Inter-Decade Competitions

Inter-Decade Competitions

A favorite game of sports fans, and one that Kobe has stirred up recently, is to imagine two dominant teams from different decades playing each other a conclude that one is better than the other. These debates are rarely about which team would actually win a game between the two, but rather which team is more significant or beloved by a particular group of fans. If these debates were actually just about who would win a game the answer would be easy: the more recent team (given enough time between the existence of the two teams) would win, no question.

Athletes get bigger, stronger, and faster every year, and coaches have seen and solved the strategic innovations that previous teams have used to gain a competitive edge over their opponents.

We accept this as fact in sports where there is an objective measure that allows for easy
comparisons over time. The Men's 100M sprint is one such event, and few if any fans, no matter how much they loved Carl Lewis, would suggest that he could beat Usain Bolt. We have the two best times for both men and Bolt's 9.57 is 3% faster than Lewis' 9.86 - no debate needed.

Baseball, basketball, and football have no such easy measuring stick. There are a fixed number of games that can be won and all performance statistics are produced by an offense against a defense, and the athletes and coaches on both sides are getting better. So instead we have endless debates on whether the 1985 Bears could beat the 2007 Patriots.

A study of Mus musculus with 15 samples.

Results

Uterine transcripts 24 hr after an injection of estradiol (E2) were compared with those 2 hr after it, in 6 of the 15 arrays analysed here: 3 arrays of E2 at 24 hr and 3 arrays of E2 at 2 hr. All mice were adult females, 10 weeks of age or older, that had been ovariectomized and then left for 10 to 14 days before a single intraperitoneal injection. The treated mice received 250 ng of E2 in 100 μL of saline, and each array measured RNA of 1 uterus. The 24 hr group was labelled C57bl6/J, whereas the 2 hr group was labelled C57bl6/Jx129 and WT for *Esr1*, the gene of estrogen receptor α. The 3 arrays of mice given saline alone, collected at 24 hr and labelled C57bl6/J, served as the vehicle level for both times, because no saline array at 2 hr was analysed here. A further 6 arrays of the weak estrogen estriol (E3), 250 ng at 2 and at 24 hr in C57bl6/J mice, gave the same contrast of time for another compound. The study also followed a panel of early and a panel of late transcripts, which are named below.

Some fans, having seen (and suffered through if you weren't a Bears fan) vividly remember how suffocating that defense was, how they could completely demoralize an opposing offense. Having seen such dominance, these fans will argue that no offense would stand a chance against it. By my stated rule above, however, I am clearly going to argue that the Bears would not stand a chance on the same field as the 2007 Patriots. As these types of debates have been going on since the beginning of sport ("Sure, this Sephes the Gladiator is pretty good, but did you ever see Spartacus, now he was a gladiator.") I am not going to be able to prove this to you beyond a shadow of a doubt, but I will offer some evidence.

Let us begin with remembering that dominating defensive line of the '85 Bears: Hampton, McMichael, Perry, and Dent were all outstanding players that season, and as a group, they averaged 281 pounds. The offensive line, while not as celebrated, included some very good players, and had an average weight of 274 pounds. Now weight is not by itself a determining factor in line play, but it certainly helps, and those lines were not small by the standards of 1985. The 2007 Patriots however, as the table below shows, were much bigger. The Pats offensive line averaged 306.4 pounds (11% more than the Bears O-line) and the Pats defensive line (even including Adalius Thomas a Linebacker who was at times a defensive end) had an average weight of 296.3 (5% heavier than the Bears D-line).



The size advantage for the Patriots on the offensive line is one indicator of why the Pats would win a game played between the two dominant teams, but it does demonstrate that athletes get bigger, stronger, and faster, and the 1985 Bears would simply not be able to manhandle the 2007 Patriots the way they did the 1985 Patriots.

The important issue for fans though is just because the 2007 Patriots would win the game, does not diminish the 1985 Bears anymore than Bolt's impressive times diminish Carl Lewis' amazing performances. The '85 Bears defense will always be one of the great defenses in the history of the league, it just would not be able to handle the offenses after 20 years of athletic and strategic evolution.